As Brits prepare to pack their bags for their summer holidays, they are being warned to watch out for major travel scams.

Whether you are jetting off somewhere sunny or you're planning on lounging a little closer to home, travel and luggage storage experts at Bounce want you to be prepared.

Bounce has collated its top tips ahead of the busy upcoming holiday season that all Brits should know.


1. Be aware of common travel booking scams 

“While it is nearly impossible to know when you will be scammed, it is important to know what kind of travel scams exist to better protect yourself.

"Some common travel scams include passport fast-tracking offers, rushed holiday deposit payments, fake holiday listings and highly discounted holidays.

"And, scammers often target consumers through fake emails, texts, phone calls, social media listings and online adverts."

2. Make payments using secure websites

“Take your time when placing a holiday booking and ensure what you're purchasing is protected.

"Travel scammers may try to steer you away from trustworthy booking sites and ask for payment on alternative platforms in exchange for a cheaper deal.

"If you are given a discounted price for these payments on an alternative site, alarm bells should be ringing.

"Make sure to only make bookings through reputable sources. Paying with a credit card or through PayPal will also provide you with considerably better fraud protection.

"Likewise, check to see if a company is ABTA or ATOL protected, for additional financial security."

3. Review and research 

“Look at the reviews for the travel agencies, accommodations, rentals, or transfers you are thinking about using before you make a booking.

"You can find out what other people are saying, including insight into their own experiences, by searching for terms like "scam" or "complaint”.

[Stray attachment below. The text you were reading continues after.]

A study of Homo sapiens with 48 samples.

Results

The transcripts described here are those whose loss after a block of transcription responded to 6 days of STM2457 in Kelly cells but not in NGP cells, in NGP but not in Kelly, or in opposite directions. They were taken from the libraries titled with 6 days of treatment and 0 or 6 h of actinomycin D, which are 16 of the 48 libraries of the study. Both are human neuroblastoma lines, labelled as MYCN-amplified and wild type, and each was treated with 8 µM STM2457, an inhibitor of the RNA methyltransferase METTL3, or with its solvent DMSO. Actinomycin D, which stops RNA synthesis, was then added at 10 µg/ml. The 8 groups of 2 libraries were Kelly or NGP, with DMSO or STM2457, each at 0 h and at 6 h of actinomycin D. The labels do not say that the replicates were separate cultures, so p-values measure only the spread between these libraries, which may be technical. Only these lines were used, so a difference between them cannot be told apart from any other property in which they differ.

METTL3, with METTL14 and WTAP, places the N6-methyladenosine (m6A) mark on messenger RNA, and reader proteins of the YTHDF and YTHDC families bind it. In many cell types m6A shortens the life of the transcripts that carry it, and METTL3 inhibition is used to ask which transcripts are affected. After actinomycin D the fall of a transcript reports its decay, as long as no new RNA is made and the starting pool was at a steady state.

News Shopper: Here are five tips to help you avoid falling victim to travel scams. (Martin-DM/Getty Images)Here are five tips to help you avoid falling victim to travel scams. (Martin-DM/Getty Images) (Image: Martin-DM/ Getty Images)

"If you are still feeling unsure about the legitimacy of your booking, why not take the time to contact the front desk at your desired property, or make your bookings directly with your airline of choice?"

4. Check the website's legitimacy

“Emails, pop-up ads, and other internet advertisements frequently maintain a convincing appearance but can include links to fake websites, which can often be difficult to recognise.

"Although the majority of web browsers are effective at alerting you when a website is secure, it is still crucial to double-check the URL. 

"Scammers can use domain spoofing techniques, such as adding or removing an extra letter from the address or utilising http:// rather than https:// in the hopes that customers won't recognise it.

"Ensure the website you use includes a padlock icon to the left of the URL. By clicking on the padlock, you will be able to see whether the website you are making your booking from has a valid security certificate."

5. Be wary of unsecured networks

“Booking a holiday, luggage storage, or other means of travel on public Wi-Fi can result in additional security issues.

"Data shared across public Wi-Fi is often unsecured and can therefore lead you to a greater risk of online scams.

"Example precautions you can take include using mobile data where possible. If you do need to access public Wi-Fi, make sure to connect with caution.

"Stay away from disclosing personal information such as bank account numbers or private passwords and don’t forget to click “forget network” once you have finished.

"You could also consider investing in a virtual private network (VPN). VPNs create an encrypted connection for your data.

"They protect your online identity by hiding your IP address, and therefore allow you to use public Wi-Fi more safely”.